Lizzie Collingham traces the journey of the biscuit from sustenance to sweet treats ♦
This story was originally published in India Today.
This summer, when migrant workers streamed out of India’s locked down cities, one of the recurrent images of their long walks to their home villages was of packets of biscuits: sometimes all they had to eat, sometimes distributed by authorities or people from passing cars. In her latest book, historian Lizzie Collingham unwraps the complex history of this simple food item—both in terms of its role as basic sustenance, as in the worker’s marches; and the idea of a biscuit as a kind of civilizational nicety, which goes with the other image of biscuits in India: perennially perched on the chai saucer, a necessary accompaniment to the liquid life force that flows through sarkari and other offices.
In the preface, Collingham notes that “No other nation buys and eats more biscuits” than Britain – an astonishing fact given the ubiquity of biscuits in India, which is are of course as much part of our colonial legacy as tea. Yet despite the title’s focus on Britain, Collingham traces the history of the biscuit, or ‘twice-baked bread’, over a fairly wide swathe. Beginning in ancient times, with bread found in Pompeii, ‘nearly 2,000 years over-baked’, she brings together nuanced but not distractingly academic accounts of how sugar production, religion and geopolitics, trade, seafaring, industrialization and war came together to shape the modern biscuit.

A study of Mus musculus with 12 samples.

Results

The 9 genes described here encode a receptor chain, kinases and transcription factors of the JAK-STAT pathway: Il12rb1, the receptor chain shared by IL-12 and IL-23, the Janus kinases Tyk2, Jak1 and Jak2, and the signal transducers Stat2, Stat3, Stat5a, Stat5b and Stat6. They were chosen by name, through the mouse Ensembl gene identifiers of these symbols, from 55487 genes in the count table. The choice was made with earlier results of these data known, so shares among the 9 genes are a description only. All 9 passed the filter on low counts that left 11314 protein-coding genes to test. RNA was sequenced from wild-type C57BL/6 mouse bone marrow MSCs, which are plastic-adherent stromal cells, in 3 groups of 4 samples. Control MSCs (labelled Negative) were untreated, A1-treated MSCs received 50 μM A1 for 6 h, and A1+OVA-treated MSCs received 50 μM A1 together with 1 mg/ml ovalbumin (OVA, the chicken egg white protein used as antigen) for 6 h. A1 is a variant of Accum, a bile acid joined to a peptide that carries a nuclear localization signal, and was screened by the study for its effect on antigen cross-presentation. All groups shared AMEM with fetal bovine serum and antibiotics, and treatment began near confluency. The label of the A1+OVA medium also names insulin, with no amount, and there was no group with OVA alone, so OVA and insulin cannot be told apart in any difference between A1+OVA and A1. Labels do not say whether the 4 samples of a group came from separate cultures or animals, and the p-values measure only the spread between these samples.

Collingham uses colourful individual accounts to illuminate the historical shifts that gave rise to the familiar flat, hard bread. These include women and men working in various kinds of kitchens, sailors, soldiers, and colonisers. Interspersed throughout the book are historical sketches about particular biscuit variations, like gingerbread, wafers, funeral biscuits or Anzac biscuits. There are also recipes, both historic and more contemporary, that are interesting reading for anyone curious about how methods of baking have evolved.
Collingham also uses biscuit-related archival sources to bolster non-biscuit related historical theories. For example, while there are no official navigation records of Portuguese ships making exploratory journeys into the Atlantic before Vasco da Gama rounded the Cape of Good Hope, Collingham suggests that this was the case because “the records of the Lisbon bakery show that it was producing far more biscuits than would have been needed for the voyages that are listed.”
Given that her previous books have been variously focussed on Indian food, the British Empire, and World War II, she naturally delves a bit further into imperial history (including references to biscuit hierarchies in India, and predictably Parle-G). At times, Biscuit feels like a companion object-history to Collingham’s other books, which looked at food and history through relatively tighter frames of time or geography. This, along with her accessible writing style and uncluttered historical vision, makes Biscuit a book well-suited to dipping in and out of. Preferably along with a cup of tea, of course.